Wolf data deserves scrutiny
by Idaho Farm Bureau Federation
April 28, 2013
The U.S. Fish and Wildlife Service's annual wolf population report released in mid-April, shows "at least" 321 confirmed packs and 1,674 individuals in Idaho, Wyoming, Montana, Oregon and Washington.
Overall numbers are down by about 100 animals compared to last year. Highlighted in the report are confirmation of breeding pairs and growing subpopulations in Oregon and Washington. Further, the report claims there are no wolves in Utah. In addition, the report is riddled with inconsistencies and other strangeness that leads us to believe we aren't getting the full story here folks.
For instance, as far back as 2002, wolves were confirmed in northern Utah, when a pack killed 15 sheep and lambs near Hardware Ranch in Cache County. Livestock depredations have occurred throughout southeast Idaho and northern Utah since that time. In 2002, wolf number 253, a two-year-old male and member of Yellowstone Park's Druid Pack, was caught in a coyote snare in Morgan County, Utah, east of Ogden. This wolf, doing nothing more than following his wild instincts, crossed a political boundary. He was transported back to Yellowstone Park, on the taxpayers' dime, and was later killed by a hunter near Daniel, Wyoming.
In March of 2008, a pilot with experience flying in Alaska spotted five wolves, three blacks and two greys near Dutch John, Utah. KSL News reported that tracks were later found and the wolves answered a howl call. Yet these wolves weren't evicted from Utah. Did the political boundary vanish in those six years?
A large herd of elk migrates out of southeast Idaho to Hardware Ranch in northern Utah every winter. Does anyone really believe there aren't wolf packs following those elk? Do the facts that hunters have killed wolves and livestock depredations have occurred throughout the area prove there are wolves present? In spite of the appearance of solid evidence, the USFWS map that shows confirmed wolf pack territories, reveals no evidence of packs in southern Idaho, northern Utah, or southwest Wyoming.
With all of this evidence of wolves spreading west into Oregon and Washington and occasional sightings in northern Utah, it seems curious that USFWS can't confirm wolf packs south of the Snake River, in northern Utah, or in southwest Wyoming, which leads us to question the validity of the entire report.
We understand the complexity of counting wolves. Imagine flying over vast wilderness areas replete with deep canyons and dark timber. What percentage of existing wolves is it humanly possible to document? We assert that it's a very small percentage and further, that there could be more wolves in Idaho alone than this report documents for the entire region. Yet the USFWS report makes no mention of the difficulties associated with obtaining accurate population estimates.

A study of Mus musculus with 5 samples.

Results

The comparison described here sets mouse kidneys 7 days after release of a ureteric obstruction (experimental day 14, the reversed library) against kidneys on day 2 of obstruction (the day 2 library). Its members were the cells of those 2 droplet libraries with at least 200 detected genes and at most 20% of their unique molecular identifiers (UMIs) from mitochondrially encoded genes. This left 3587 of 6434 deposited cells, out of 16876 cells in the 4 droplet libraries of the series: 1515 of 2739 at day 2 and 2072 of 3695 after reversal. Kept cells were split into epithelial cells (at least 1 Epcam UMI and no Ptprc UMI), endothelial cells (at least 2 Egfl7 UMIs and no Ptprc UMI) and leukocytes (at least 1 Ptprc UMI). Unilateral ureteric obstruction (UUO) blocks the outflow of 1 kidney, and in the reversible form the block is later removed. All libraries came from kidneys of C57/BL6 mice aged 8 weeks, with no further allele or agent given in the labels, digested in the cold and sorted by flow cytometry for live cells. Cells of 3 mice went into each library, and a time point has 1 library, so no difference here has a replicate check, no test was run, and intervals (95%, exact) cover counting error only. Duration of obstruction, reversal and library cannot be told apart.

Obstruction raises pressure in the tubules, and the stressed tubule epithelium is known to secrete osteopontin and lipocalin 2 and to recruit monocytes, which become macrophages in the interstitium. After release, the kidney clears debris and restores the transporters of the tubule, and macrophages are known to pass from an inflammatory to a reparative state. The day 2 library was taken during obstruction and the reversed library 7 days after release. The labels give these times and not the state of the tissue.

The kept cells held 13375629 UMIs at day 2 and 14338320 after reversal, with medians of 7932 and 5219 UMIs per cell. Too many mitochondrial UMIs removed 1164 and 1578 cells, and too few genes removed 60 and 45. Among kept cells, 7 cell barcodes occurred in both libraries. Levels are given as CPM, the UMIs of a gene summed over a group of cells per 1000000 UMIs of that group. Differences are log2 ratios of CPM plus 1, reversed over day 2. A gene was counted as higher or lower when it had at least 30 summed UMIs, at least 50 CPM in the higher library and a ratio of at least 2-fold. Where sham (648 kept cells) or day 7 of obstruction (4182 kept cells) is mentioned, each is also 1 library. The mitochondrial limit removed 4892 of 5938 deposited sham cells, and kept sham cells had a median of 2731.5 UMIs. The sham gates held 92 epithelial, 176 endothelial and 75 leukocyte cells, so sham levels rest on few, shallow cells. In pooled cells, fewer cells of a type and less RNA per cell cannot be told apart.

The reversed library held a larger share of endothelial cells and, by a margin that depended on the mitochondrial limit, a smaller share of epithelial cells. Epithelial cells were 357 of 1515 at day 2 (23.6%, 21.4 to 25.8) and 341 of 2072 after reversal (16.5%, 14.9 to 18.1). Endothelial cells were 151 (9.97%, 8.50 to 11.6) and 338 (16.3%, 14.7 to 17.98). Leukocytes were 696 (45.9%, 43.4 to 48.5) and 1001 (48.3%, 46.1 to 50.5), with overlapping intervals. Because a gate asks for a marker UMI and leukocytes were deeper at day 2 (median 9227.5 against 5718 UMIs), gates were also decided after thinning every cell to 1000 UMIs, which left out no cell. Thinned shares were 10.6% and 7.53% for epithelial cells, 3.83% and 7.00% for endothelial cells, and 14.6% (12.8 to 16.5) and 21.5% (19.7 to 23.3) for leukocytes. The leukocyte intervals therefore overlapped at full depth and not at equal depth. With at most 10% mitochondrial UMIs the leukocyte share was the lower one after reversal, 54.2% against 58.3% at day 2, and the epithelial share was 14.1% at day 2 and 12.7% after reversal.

It's time for USFWS to get serious about telling the truth about wolves. The hundreds of rural families that have suffered economic losses deserve the truth. USFWS, through the use of half-truths and vagueness, has done a masterful job in its public relations efforts. Since the mid-90's their line on livestock depredation has been that wolves only cause a small proportion of all livestock losses. Somewhat true, but they are additional or new losses that the livestock industry did not have to absorb before reintroduction. In addition, when given consideration to the fact that only a small proportion of livestock losses are actually documented, it doesn't soften the blow by much. It's been estimated that only one in nine livestock depredations by wolves are confirmed by USFWS. Yet once again, their report makes no mention of this.
A lot of people have romantic notions about the American West, its wide open spaces and wild animals. The stories that aren't being told are about depopulation trends in rural counties and kids who won't have the chance to go to college next fall because the family business is no longer profitable. And these businesses are not just livestock operations. They include all of the businesses that sustain our rural economy.
This agency's inability to document wolf packs in areas that are politically inconvenient is a serious problem. The report includes the statement that wolf reintroduction has been an incredible success story for endangered species, but glaringly omits the fact that when wolves were reintroduced they didn't have any idea how fast the population would grow or how far territories would expand.